The CEOs of global mobile operators are pumping it in their investor presentations, broadcasters are signing up to the vision, and vendors are falling over themselves in anticipation. Fritz Joussen, CEO of Vodafone Germany, for example, recently described mobile TV as a "killer app" for mobile data. [Ed. note: Gee, where have we heard that before?]
Sanjiv Ahuja, CEO of Orange SA (London/Paris: OGE) is equally enthusiastic. "Live TV is really capturing the customer's imagination," he said earlier this year. "Fifty nine percent of our mobile broadband customers [in France] are now regular video and live TV users."
To the skeptics, this just business as usual for the mobile marketing machine, and there's more than a hint of suspicion that this is yet another industry-led attempt to browbeat users into spending money on something they don't really want. Looking at the results from the multitude of market surveys commissioned to assess end-user demand for mobile TV services, it would be easy to conclude that this is yet another case in which the industry is getting ahead of itself and not adequately thinking through the user case.
This time, however, the boosters may be right – the industry could have a blockbuster on its hands. The case for mobile TV delivered by unicast (and potentially multicast) streaming mechanisms over 3G networks is twofold:
- It works as a lure to tempt users to higher-value 3G subscriptions – so even if they don't end up actually watching that much TV, it could still be judged a success.
- It could also be a useful driver of mobile data ARPU (average revenue per user) in its own right, and help transition technology-indifferent users to regular consumers of non-voice services.
Both points are important, because in a world in which operator revenues are showing only modest growth, just a few extra dollars of data revenue per month (multiplied a few million times, naturally) would have a big impact on an operator's financial performance.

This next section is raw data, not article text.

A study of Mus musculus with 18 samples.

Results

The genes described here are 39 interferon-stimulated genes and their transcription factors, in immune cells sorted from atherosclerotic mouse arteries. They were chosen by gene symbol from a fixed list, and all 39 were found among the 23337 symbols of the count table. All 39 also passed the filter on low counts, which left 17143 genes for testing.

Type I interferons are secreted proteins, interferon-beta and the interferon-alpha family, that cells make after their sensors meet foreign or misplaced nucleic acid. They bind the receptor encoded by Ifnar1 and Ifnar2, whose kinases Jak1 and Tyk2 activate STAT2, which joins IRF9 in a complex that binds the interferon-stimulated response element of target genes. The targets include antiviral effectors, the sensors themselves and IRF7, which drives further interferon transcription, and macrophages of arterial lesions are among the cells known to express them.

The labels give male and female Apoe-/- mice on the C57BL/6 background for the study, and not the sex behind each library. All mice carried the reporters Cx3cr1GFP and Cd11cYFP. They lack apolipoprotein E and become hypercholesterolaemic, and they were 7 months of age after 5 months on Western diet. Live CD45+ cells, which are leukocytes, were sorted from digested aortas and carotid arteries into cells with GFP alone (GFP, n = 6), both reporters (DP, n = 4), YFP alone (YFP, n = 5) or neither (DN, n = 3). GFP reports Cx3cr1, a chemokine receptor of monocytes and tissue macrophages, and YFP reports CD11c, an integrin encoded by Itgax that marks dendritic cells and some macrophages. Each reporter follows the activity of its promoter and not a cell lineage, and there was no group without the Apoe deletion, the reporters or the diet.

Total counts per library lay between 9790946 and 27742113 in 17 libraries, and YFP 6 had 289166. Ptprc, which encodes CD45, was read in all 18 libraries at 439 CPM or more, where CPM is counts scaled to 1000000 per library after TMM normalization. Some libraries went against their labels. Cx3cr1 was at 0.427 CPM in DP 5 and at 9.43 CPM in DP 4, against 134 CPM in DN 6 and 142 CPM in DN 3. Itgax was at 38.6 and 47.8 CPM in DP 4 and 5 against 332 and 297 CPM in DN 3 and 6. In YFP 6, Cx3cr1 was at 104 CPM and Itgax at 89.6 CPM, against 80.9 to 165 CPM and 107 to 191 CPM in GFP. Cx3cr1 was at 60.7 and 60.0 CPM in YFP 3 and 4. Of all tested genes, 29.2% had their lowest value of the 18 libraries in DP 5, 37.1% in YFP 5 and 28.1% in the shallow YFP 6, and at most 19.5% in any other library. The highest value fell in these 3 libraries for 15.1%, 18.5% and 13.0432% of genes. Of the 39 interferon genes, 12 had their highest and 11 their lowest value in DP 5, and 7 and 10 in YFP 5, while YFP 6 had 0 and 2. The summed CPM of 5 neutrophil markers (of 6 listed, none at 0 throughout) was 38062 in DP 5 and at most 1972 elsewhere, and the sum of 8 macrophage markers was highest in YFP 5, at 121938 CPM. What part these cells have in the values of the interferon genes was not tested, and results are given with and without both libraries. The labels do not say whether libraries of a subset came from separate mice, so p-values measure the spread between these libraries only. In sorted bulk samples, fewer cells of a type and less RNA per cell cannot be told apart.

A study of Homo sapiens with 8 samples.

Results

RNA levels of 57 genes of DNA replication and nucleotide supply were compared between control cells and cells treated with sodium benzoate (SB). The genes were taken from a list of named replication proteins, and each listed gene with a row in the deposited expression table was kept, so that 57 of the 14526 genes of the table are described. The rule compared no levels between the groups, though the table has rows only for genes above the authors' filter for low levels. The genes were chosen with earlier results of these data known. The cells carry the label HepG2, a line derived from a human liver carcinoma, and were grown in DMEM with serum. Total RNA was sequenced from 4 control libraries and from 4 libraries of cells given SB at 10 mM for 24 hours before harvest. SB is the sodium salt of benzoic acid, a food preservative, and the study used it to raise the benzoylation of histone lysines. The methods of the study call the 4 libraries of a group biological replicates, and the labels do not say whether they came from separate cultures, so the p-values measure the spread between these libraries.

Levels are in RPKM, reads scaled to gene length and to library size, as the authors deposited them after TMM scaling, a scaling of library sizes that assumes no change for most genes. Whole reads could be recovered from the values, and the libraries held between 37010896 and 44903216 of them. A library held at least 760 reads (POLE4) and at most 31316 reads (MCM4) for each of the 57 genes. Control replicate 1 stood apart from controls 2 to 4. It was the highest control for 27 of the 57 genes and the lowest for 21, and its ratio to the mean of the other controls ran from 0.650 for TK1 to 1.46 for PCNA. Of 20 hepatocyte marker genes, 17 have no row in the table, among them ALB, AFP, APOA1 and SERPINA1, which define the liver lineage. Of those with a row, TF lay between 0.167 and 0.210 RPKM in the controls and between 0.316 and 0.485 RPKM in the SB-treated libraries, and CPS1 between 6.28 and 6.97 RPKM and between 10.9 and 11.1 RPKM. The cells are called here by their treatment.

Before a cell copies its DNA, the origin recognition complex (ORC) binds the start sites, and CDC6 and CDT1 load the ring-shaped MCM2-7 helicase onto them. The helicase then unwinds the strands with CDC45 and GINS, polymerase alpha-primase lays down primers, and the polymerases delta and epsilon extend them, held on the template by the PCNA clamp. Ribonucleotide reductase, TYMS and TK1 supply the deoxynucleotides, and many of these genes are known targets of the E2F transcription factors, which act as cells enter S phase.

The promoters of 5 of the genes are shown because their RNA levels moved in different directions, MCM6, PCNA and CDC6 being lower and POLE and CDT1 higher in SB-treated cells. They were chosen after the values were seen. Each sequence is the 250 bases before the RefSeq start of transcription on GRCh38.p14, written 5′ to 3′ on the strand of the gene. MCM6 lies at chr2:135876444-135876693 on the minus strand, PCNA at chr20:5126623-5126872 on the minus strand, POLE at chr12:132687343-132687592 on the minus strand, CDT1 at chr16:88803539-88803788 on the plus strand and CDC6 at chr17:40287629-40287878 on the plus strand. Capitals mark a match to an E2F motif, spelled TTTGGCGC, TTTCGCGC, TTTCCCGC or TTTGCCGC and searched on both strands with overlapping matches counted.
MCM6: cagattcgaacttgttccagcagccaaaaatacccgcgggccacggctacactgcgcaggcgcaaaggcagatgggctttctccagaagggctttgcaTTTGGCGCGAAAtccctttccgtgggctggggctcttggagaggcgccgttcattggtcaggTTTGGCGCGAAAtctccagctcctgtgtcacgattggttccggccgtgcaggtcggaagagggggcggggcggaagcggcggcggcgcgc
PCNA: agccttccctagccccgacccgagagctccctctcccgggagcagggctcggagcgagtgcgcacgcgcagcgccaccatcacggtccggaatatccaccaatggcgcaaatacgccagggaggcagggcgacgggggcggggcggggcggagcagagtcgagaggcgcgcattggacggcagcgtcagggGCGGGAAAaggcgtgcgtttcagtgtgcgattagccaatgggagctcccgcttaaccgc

Unicast streaming over 3G is also vital to assess user demand and preferences ahead of the deployment of dedicated mobile broadcast networks based on DVB-H (Digital Video Broadcast – Handheld), DMB (Digita Multimedia Broadcast) and MediaFLO technologies.
And regardless of the underlying technology, what makes mobile TV so compelling is that it is a known quantity to even the most technology-averse mobile phone users – those who wouldn't ever consider using, say, a "streaming media application." Steven Day, corporate affairs director at Virgin Mobile in the U.K., which is currently conducting a 1,000-user mobile TV broadcast trial in London, puts it simply: "It's dead easy. Everyone knows what it is, and what it does."
But despite this simplicity and familiarity, mobile TV will need a sophisticated sales approach on the part of operators. Usage today appears to be driven by very low-cost or "free" services, with little chance that this will change in the near term. The mass market will only likely pay up to $10 a month for mobile TV, according to our findings.
— Gabriel Brown, Chief Analyst, Unstrung Insider
The report, Mobile TV: Switching on the Revenue Stream, is available as part of an annual subscription (12 monthly issues) to Unstrung Insider, priced at $1,350. Individual reports are available for $900. To subscribe, please visit: www.unstrung.com/insider.